As was widely expected, by a 6-1 vote the California Supreme Court this morning (via KRON in SF) upheld the voters' decision on Proposition 8:
Proposition 8 was a California ballot proposition [the ProtectMarriage.com organization sponsored the initiative] passed in the November 4, 2008, general election. It changed the state Constitution to restrict the definition of marriage to opposite-sex couples and eliminated same-sex couples' right to marry, thereby overriding portions of the ruling of In re Marriage Cases. The measure added a new section (7.5) to Article I, which reads: "Only marriage between a man and a woman is valid or recognized in California." California's State Constitution put the measure into immediate effect on November 5, the day after the election. The proposition did not affect the existing domestic partnerships in California.
Prop 8 effectively reversed the 4-3 California Supreme Court ruling in "In re Marriage Cases" that declared same sex marriage to be a CA constitutional right.
In the Prop 8 case, opposition groups claimed that Prop 8 was not legal:
The lawsuit the state Supreme Court is ruling on was filed by same-sex couples and local governments who claimed that Proposition 8 became law in an illegal manner. The suit alleged the proposition was a revision -- not an amendment -- to the Constitution because it took away the fundamental rights of a group. A revision is considered a more significant change that requires more than a majority ballot vote.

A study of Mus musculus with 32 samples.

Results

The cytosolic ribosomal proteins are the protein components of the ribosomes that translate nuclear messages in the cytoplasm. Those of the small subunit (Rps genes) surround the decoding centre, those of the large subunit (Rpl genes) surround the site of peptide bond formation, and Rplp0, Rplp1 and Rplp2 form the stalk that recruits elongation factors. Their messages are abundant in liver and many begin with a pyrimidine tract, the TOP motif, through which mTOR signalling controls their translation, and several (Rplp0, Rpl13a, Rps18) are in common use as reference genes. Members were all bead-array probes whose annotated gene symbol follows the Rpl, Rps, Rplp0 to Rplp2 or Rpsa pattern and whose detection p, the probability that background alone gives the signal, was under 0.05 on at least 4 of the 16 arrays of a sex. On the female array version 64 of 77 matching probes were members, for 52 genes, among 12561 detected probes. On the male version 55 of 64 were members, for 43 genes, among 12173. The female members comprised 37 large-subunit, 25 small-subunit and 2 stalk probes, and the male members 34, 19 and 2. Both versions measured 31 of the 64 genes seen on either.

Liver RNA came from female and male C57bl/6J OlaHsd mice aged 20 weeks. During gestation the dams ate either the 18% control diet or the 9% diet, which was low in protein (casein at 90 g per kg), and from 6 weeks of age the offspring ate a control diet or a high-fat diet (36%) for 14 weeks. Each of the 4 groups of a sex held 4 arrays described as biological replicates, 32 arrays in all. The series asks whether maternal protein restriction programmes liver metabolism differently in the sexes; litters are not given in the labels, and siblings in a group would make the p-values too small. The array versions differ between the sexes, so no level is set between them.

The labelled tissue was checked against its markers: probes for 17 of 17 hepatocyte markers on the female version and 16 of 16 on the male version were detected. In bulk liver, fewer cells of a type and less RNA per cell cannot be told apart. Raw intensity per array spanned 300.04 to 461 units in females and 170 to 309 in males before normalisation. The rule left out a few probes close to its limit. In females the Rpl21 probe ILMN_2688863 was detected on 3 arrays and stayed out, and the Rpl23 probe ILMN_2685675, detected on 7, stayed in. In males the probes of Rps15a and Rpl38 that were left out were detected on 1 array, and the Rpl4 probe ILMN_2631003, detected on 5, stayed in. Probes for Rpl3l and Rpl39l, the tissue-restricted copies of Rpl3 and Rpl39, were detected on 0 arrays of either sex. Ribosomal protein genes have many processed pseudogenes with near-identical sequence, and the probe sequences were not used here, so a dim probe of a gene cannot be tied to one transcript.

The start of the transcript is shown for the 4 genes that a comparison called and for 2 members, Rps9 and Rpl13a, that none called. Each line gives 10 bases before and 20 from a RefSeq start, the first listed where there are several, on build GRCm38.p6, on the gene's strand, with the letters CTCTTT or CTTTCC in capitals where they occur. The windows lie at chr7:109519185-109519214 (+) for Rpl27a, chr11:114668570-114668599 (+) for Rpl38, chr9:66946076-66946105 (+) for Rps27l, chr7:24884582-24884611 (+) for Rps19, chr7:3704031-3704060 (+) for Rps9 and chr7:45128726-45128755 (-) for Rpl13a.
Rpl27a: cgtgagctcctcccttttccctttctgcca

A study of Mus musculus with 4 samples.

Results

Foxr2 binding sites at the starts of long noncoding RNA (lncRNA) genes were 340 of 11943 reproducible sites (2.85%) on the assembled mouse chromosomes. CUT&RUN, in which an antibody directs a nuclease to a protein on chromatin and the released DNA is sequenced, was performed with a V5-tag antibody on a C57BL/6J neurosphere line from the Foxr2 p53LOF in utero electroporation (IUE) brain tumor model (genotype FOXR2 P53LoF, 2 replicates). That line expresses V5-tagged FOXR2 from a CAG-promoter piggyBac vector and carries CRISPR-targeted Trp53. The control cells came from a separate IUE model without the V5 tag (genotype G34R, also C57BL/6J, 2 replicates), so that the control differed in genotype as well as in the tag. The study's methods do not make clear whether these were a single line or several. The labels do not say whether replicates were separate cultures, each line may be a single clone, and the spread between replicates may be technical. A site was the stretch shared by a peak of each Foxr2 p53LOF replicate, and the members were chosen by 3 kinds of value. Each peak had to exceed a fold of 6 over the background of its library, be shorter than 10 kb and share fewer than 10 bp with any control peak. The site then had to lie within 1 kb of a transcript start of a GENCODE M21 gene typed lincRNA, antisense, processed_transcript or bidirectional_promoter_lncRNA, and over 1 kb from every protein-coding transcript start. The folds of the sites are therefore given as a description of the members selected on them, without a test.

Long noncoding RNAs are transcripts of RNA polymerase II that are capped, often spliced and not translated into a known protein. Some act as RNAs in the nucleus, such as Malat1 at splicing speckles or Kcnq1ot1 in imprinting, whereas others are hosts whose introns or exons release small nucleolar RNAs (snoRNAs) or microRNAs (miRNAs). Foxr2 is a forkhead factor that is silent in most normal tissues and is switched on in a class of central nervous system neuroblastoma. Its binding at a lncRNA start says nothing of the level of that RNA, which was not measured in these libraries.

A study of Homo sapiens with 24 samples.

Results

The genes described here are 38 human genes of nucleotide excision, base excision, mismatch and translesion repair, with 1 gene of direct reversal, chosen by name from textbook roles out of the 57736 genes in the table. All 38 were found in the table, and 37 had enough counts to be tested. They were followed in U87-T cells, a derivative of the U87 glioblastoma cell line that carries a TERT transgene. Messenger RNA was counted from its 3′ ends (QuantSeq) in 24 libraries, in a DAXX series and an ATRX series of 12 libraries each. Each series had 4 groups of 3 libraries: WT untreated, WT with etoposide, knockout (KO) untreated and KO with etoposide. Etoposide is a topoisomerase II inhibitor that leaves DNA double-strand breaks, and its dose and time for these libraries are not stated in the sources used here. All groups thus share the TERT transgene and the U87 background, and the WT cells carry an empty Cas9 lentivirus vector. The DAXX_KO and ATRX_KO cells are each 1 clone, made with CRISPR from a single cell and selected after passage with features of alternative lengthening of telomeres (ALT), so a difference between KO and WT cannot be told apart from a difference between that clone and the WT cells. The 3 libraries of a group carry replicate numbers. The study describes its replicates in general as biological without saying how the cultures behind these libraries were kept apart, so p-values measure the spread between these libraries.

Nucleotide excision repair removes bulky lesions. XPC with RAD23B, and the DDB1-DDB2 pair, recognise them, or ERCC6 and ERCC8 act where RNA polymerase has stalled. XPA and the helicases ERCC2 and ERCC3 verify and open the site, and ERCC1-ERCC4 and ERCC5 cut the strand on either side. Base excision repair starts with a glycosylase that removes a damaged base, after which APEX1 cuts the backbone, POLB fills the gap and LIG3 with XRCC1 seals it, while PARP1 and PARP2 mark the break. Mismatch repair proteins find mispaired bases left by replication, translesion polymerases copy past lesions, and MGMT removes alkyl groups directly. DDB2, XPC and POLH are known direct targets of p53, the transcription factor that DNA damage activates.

i.e. such a change would require action by either the legislature or by a constitutional convention.
Oral arguments in the present case were made on March 5; an account can be found here. Suffice to say it did not go well for the litigants.
"Retroactivity" of Prop 8
The SCO-Cal today also decided the issue of
whether approximately 18,000 same-sex marriages already in effect would be retroactively annulled by the constitutional change or whether they would be preserved, since the amendment does not state explicitly that it would nullify same-sex marriages performed before the change took effect.
On this issue, the Court has ruled 7-0 that existing marriages will not be nullified.
You want action? here's yer NorCal action:
One Struggle, One Fight is planning some nonviolent civil disobedience with Bay Area clergy and congregants – if the Court rules against marriage equality. Be around Civic Center Park today at 10:30 a.m., especially if you want to help them out as a peacekeeper or legal observer.
At 5:00 p.m. tonight, Marriage Equality USA will host a rally at City Hall to protest (or celebrate) the Court decision. After an hour of speeches, participants will march down Market Street to Yerba Buena Gardens – behind the Metreon, and in front of the Martin Luther King Memorial. If you can’t be there, you can follow it on Twitter. There will be dozens of simultaneous marches and rallies in other cities across the state and country.
After today is when the real work starts. On Saturday, May 30th a broad coalition of marriage equality supporters from across California will converge in Fresno to Meet in the Middle with a big rally at 1:00 p.m.
In Orange County:
OC Equality Coalition's "Day of Decision" event at the Old Orange Courthouse in Santa Ana at 6 p.m. today.
UPDATE: Protesters in SF are blocking Van Ness at Grove; KRON says they are apparently going to stay until arrested.
UPDATE2: 5 Fulton muni line also apparently disrupted.
UPDATE3: Analysis of decision can be found here.